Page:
MARKETING/SOCIAL MEDIA

Study: Options convert online shoppers

BY Dan Berthiaume

Coral Gables, Fla. — The likelihood that shoppers will make a purchase online is directly related to the number of product options that are displayed and to how the product information is displayed, either visually or with text. Research from the University of Miami School of Business Administration found when larger assortments of products (i.e. many options) are displayed with images rather than text, shoppers are less likely to purchase a product.

When it comes to a smaller selection of products displayed (e.g. four types of crackers or eight different nail polishes), it makes no difference in the likelihood of purchase whether or not visuals or text are used to share the information. The study found that even though consumers prefer to see products visually, when the choice set is large, and presented visually, shoppers spend less time examining each individual option as well as the entire choice set. They also become more haphazard and less systematic in their examination compared to when words are used to describe the choices. With this "choice overload," consumers are less likely to make a choice, which means no purchase.

Across five studies, the researchers had participants perform various tasks with product assortments similar to what a consumer might encounter online. In some studies participants were asked to choose whether they wanted to view product assortments presented visually in pictures or verbally in words. Across various product categories (crackers, nail polishes, mutual funds) there was a consistent preference for visual presentation. In other studies, participants were shown an assortment of products that was either small (four or eight options) or large (14 or 24) and was presented either visually or verbally. They were asked to: a) rate the variety and complexity of product choice sets; b) to make a choice from the choice sets; or c) to perform a surprise recall task where they had to identify the options previously presented. The researchers used eye-tracking technology to examine exactly how consumers analyzed individual items as well as the overall choice set.

"There is a tendency for mobile app designers to use graphics almost exclusively," said Claudia Townsend, assistant professor of marketing at the University of Miami School of Business Administration, and the lead author. "This study shows that although images are attractive and fun, when a large product set is shown with images only, there is a tendency among consumers to gloss over them rather than make a purchase," said Townsend, who conducted the research with Barbara Kahn of the University of Pennsylvania’s Wharton School.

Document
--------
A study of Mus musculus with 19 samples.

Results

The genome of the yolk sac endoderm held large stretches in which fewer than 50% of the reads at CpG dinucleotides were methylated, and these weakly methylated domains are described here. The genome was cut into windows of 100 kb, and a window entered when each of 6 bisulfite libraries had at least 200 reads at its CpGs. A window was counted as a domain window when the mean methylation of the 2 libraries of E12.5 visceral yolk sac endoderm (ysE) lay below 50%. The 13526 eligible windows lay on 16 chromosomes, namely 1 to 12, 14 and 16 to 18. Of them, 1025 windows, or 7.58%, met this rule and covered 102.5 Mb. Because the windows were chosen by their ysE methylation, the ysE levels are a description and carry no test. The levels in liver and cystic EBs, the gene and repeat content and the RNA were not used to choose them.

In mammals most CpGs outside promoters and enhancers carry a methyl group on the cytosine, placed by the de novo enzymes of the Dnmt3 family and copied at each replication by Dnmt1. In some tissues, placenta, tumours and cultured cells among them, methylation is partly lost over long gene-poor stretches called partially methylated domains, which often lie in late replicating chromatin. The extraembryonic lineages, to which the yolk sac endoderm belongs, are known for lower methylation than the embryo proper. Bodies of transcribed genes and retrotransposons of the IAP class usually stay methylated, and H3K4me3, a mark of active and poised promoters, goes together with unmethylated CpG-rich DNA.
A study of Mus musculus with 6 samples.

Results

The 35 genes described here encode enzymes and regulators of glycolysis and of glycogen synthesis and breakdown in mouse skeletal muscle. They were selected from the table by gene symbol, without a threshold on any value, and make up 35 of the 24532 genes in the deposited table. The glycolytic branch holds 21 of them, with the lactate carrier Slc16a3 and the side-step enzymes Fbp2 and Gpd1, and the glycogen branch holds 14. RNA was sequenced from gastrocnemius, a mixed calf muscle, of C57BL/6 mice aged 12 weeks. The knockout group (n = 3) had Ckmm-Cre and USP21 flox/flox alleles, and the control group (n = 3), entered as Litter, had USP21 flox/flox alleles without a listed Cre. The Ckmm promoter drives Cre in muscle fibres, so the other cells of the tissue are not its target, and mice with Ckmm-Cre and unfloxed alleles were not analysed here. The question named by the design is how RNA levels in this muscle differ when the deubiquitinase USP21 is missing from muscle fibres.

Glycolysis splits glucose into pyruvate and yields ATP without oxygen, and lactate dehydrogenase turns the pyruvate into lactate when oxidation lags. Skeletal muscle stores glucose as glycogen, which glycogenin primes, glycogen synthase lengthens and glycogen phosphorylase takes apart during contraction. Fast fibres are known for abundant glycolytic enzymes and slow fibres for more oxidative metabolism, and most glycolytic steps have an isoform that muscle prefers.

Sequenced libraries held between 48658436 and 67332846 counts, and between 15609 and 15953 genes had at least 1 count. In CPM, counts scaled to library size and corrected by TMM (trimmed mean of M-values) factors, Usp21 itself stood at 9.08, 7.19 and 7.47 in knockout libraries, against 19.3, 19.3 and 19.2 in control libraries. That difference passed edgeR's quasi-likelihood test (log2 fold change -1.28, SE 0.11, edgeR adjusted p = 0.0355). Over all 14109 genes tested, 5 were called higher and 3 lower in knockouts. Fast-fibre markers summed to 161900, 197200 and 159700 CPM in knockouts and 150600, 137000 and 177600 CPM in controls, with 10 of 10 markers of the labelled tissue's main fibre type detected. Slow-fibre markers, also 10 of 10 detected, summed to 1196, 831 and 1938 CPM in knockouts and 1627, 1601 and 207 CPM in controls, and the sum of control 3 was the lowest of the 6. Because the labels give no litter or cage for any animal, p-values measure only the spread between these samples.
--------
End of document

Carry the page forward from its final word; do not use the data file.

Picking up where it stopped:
Lux Beauty Boutique rolls out in-store payment app

BY Dan Berthiaume

Edmonton, Alberta — Lux Beauty Boutique is rolling out in-store mobile app SelfPay, which lets shoppers handle payment and look up product information on their own devices, enabling shopper-controlled in-store checkout from anywhere within a brick-and-mortar store. Lux Beauty Boutique will host a SelfPay launch party at its store on Dec. 6.

SelfPay is a multi-retailer solution that enables shoppers at participating retailers to scan products in the store, view pricing and information, and pay for their purchase from their own device. Retailers can use the patent-pending purchase verification method to ensure that all items leaving the store have been paid.

“Nothing stresses me out more than seeing frustrated faces in a slow-moving line,” said Jennifer Grimm, Lux Beauty Boutique owner. “We are thrilled to launch SelfPay in time for the holiday rush and offer clients the ability to skip the line during the hectic shopping season.”


Cabela’s to open new store in Kentucky in fall 2014

BY Dan Berthiaume

Sidney, Neb. – Cabela’s plans to open a 42,000-sq.-ft. Cabela’s Outpost store in Bowling Green, Ky. The store will be Cabela’s second in Kentucky, joining the Louisville location, and is scheduled to open in the fall of 2014.

Cabela’s Outpost stores are built with a rugged look and feel. The Bowling Green location will feature museum-quality wildlife displays, a gun counter, indoor archery range, archery tech room and hand-painted murals, as well as a core-flex layout featuring digital signage and seasonal product assortments.

Currently, Cabela’s operates 50 stores across North America with plans to open an additional 19 during the next two years.